Frequently Asked Questions
What is 'fracking'?
'Fracking' refers to hydraulic fracturing and is a process used to extract hydrocarbons from low permeability oil/gas reservoirs. The process involves pumping a mixture of water, sand and chemicals at high pressure to create fractures in the shale rock. Oil and gas can then be extracted more easily.
Shale gas reservoirs are often found far deeper than conventional oil and gas reservoirs, usally many thousands of metres below the surface. Therefore they require deeper wells and, in some cases, horizontal lateral well extensions into the shale rock. The gas is trapped in tiny pores in the dense shale rock and therefore requires a more intensive use of fracking.
What is the difference between the exploration phase and the production phase?
Oil and gas operators usually carry out an exploration phase to determine the level of hydrocarbons, the geology type and flow rates at a particular wellsite. This phase can last a number of years as it may also include further appraisal of the well. Should the wellsite prove to be unsuccessful, then the operator will be required to seal the well and restore the site by way of planning condition. If the wellsite is capable of producing oil and gas, it will move into a production phase. Separate planning applications are required for each phase and each application is considered on its own merits.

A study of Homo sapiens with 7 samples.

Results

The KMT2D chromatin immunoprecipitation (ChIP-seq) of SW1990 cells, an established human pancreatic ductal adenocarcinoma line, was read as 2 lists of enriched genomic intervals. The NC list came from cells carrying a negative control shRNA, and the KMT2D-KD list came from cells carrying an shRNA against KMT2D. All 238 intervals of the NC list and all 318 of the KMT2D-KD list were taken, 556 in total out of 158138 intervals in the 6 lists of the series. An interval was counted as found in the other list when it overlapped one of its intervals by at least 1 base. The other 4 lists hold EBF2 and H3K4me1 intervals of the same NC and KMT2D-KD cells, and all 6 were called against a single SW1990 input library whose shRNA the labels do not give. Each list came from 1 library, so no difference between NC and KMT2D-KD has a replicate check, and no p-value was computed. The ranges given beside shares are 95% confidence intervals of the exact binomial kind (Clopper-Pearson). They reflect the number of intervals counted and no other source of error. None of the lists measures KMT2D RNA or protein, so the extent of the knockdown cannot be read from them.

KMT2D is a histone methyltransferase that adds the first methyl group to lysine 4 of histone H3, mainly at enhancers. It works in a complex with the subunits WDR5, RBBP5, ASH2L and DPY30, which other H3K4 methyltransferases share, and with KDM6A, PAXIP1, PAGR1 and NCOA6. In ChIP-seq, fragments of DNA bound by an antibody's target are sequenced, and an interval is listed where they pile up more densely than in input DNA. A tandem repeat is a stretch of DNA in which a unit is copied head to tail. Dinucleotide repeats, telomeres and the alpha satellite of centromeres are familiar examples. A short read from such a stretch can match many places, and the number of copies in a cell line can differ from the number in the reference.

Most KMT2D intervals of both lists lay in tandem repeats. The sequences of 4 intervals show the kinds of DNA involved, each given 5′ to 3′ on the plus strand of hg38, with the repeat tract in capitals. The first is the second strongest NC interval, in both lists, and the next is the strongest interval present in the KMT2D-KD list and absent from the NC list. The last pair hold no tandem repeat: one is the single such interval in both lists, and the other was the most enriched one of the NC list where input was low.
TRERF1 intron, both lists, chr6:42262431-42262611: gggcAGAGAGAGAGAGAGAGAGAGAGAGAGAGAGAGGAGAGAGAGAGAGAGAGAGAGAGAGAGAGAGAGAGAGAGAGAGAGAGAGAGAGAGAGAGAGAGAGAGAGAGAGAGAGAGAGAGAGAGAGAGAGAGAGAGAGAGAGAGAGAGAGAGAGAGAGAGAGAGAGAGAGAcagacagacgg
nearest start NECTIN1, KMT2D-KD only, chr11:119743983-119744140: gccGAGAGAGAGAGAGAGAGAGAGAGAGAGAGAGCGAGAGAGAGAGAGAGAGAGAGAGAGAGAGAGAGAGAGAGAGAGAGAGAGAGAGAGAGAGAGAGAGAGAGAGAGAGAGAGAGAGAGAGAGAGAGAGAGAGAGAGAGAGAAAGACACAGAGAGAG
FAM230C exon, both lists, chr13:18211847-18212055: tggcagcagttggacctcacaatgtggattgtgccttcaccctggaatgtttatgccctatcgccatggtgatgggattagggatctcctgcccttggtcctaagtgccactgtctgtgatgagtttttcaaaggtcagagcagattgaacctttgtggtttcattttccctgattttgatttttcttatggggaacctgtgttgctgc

How is fracking regulated?
There are four regulatory bodies involved with both conventional and unconventional oil and gas sites:
- Department of Energy and Climate Change (DECC) - responsible for issuing a Petroleum Exploration and Development Licences known as PEDLs. This licence conveys no permissions for operations on land, but gives exclusivity for exploration operations against other oil and gas exploration companies, within a defined area.
- The Mineral Planning Authority (MPA) - responsible for assessing oil and gas planning applications and monitoring of planning conditions. B&NES is the MPA is this district. In Somerset it is Somerset County Council. Planning permission will be required before any exploration for shale gas/coal bed methane is commenced.
- The Environment Agency (EA) - Responsible for protecting water resources, including groundwater (aquifers) as well as assessing and approving the use of chemicals which form part of the hydraulic fracturing fluid. The EA are also responsible for the monitoring of appropriate treatment and disposal of any mining waste produced during the borehole drilling and hydraulic fracturing process. Any potential operator will require an EA permit in addition to planning permission before exploration or production can begin.
- The Health and Safety Executive (HSE) - monitors shale gas operations from a well integrity and site safety perspective.
What is happening locally?
As of the beginning of 2014 there has only been one planning application for exploration for Coal Bed Methane is the B&NES area. The application, made in September 2012 was subsequently withdrawn by the applicant UK Methane Ltd before it was determined. The reference number for this application is 12/04304/FUL.